Recently, Fortune’s Gary Rivlin posted an interesting article about Microsoft. Apparently, back in 2009 (pre-iPad), some innovators in the company built a prototype for a killer tablet called Courier. “With its icon-rich user interface and multitouch, stylus-friendly screens, Courier represented ‘an astonishing take on the tablet,” Rivlin writes. But Steve Ballmer squashed it. Why? Well, because it wasn’t Windows based. Of course.
As I went on my morning run, I passed a shut down Blockbuster and pondered the connection.
Blockbuster used to be the coolest, hottest thing. Imagine, you could actually pick a movie you wanted to see, and for a small fee, see it that night in the comfort of your own home! Wow, revolutionary! Game changing! But then Tivo and Netflix came along with a new paradigm, and suddenly Blockbuster was not so much of a blockbuster anymore. Same for Tower Records. It wouldn’t take a rocket scientist to see that the market would go this way – Larry Ellison was talking about renting videos online in the ’90s – yet Blockbuster completely missed it while they bathed in their short-lived success.
“Glory Days” came on my iPhone as I ran (yes, my iPhone, which does almost everything I need for work or play and is decidedly NOT Windows based), and I felt like Springsteen was singing directly to Steve. The wars between iOS and Android are just getting going. Windows? Crickets.Stacey Epstein, VP of marketing at ServiceMax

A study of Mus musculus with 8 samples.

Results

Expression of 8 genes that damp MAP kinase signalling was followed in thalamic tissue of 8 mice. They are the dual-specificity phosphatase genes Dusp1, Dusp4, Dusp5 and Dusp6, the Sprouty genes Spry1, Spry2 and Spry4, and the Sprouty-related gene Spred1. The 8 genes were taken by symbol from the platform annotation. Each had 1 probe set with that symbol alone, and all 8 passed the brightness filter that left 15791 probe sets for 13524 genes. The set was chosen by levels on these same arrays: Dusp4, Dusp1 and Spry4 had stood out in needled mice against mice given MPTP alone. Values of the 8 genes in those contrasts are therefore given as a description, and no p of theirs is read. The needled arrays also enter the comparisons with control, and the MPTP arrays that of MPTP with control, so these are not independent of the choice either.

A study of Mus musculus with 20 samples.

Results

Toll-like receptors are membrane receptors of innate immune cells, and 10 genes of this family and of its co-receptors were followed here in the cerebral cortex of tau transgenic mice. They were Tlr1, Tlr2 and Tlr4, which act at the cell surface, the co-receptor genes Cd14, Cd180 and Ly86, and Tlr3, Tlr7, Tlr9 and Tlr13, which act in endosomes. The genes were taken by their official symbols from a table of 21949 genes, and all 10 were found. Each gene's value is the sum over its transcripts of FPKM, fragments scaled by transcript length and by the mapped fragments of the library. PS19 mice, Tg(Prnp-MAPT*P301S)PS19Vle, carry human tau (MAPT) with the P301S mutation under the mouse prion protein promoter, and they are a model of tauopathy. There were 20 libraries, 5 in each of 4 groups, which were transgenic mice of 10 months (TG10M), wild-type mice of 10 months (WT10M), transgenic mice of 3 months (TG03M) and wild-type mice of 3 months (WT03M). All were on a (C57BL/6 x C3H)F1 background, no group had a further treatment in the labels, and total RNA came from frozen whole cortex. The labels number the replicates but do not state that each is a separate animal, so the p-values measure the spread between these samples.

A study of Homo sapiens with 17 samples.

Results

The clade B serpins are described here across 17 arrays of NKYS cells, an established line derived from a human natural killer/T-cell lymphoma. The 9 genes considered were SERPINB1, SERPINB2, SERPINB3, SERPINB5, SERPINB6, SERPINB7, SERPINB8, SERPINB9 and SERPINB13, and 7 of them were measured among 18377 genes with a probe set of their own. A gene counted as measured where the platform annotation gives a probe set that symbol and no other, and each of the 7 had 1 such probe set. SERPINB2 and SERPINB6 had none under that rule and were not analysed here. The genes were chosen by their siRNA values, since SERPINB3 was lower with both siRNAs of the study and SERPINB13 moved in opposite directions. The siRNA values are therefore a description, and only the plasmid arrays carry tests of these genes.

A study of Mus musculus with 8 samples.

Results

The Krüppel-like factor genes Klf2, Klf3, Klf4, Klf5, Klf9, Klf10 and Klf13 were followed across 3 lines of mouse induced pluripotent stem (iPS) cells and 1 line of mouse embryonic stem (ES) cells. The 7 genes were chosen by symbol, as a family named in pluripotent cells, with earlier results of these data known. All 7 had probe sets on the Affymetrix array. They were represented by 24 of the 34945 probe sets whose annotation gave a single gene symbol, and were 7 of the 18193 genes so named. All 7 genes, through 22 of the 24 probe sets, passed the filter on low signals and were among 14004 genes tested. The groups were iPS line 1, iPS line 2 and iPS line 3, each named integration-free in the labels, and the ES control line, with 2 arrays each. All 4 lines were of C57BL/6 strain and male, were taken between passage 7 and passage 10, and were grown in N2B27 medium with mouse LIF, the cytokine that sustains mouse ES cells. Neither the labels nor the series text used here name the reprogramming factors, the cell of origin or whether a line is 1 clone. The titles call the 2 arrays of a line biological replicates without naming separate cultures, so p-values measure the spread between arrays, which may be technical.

And even Exchange is getting old. It used to be that Microsoft was necessary for scale in the enterprise. But the cloud has changed all that. My company, ServiceMax, has fewer than 100 people, and there is scarcely a MS product to be found. We do everything in the cloud – email, documents, calendars, web meetings, CRM. Yea, we use PowerPoint and Excel, but even those run nicely on our non-windows macs and iPads. And we don’t have any servers or a single IT person on staff. It won’t be long before the big companies can go this route as well.
Yep, mobile devices and cloud computing are where it’s at. And windows are what I look out as I stretch after my run. As Springsteen says (to Ballmer?), “They’ll pass you by in the blink of a young girl’s eye.”